SUBJECT: Ph.D. Proposal Presentation
BY: Jaekang Kim
TIME: Tuesday, April 23, 2019, 11:00 a.m.
PLACE: MRDC Building, 4211
TITLE: Wall-Shaped Hierarchical Microstructure for Gecko-Like Attachment
COMMITTEE: Dr. Michael Varenberg, Chair (ME)
Dr. Itzhak Green (ME)
Dr. Jeffrey Streator (ME)
Dr. David Hu (ME)
Dr. Daniel Goldman (Physics)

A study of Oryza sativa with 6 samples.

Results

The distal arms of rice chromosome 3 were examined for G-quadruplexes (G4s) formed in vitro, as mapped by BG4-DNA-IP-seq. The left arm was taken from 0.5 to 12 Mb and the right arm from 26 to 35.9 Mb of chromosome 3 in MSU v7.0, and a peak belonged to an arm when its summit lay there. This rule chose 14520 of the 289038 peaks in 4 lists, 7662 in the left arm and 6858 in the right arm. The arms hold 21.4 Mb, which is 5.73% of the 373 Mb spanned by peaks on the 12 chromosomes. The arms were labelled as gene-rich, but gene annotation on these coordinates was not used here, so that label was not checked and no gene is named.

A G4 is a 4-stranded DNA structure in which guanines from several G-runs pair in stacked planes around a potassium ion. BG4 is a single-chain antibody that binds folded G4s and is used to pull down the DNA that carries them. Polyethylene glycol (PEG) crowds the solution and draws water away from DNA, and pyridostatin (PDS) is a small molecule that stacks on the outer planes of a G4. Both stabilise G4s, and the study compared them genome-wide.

Temporary biological attachment systems have long intrigued scientists and engineers because the animals that have these systems are capable of climbing walls and even walking on ceilings irrespective of their surface properties. Recently, researchers have started to engineer dry adhesives inspired by the systems involving thin-film-based contact elements. Pillar-, mushroom-, wedge- and flap-shaped structures have been suggested and studied under various conditions. However, unlike prototype biological spatulate contact elements, which show a non-sticky default state, strong shear-induced attachment, and insensitivity to surface conditions, the current artificial microstructured adhesives are deficient in these abilities. As an alternative to the existing bio-inspired dry adhesives, a wall-shaped hierarchical microstructure has been suggested, and it shows great potential for being a true “gecko-like” attachment surface. However, it is still unclear how loading, and surface and environmental conditions affect the performance of this microstructure. It is also evident that its current laser-based manufacture can be considered impractical. To this end, the objective of this work is to study the attachment performance of wall-shaped adhesive microstructures, and to explore the possibility to manufacture them in a different way. The effects of pulling angle, preliminary displacement and counterface roughness have been investigated in the frame of preliminary work. To complete this study, the effects of surface free energy, material gradient, cyclic loading, and surface contamination along with a drawing-based manufacturing technique will be tested. This work will serve as the scientific and engineering foundation for the design of clean, easily detachable and simple bio-inspired grippers that may revolutionize use of reversible attachment.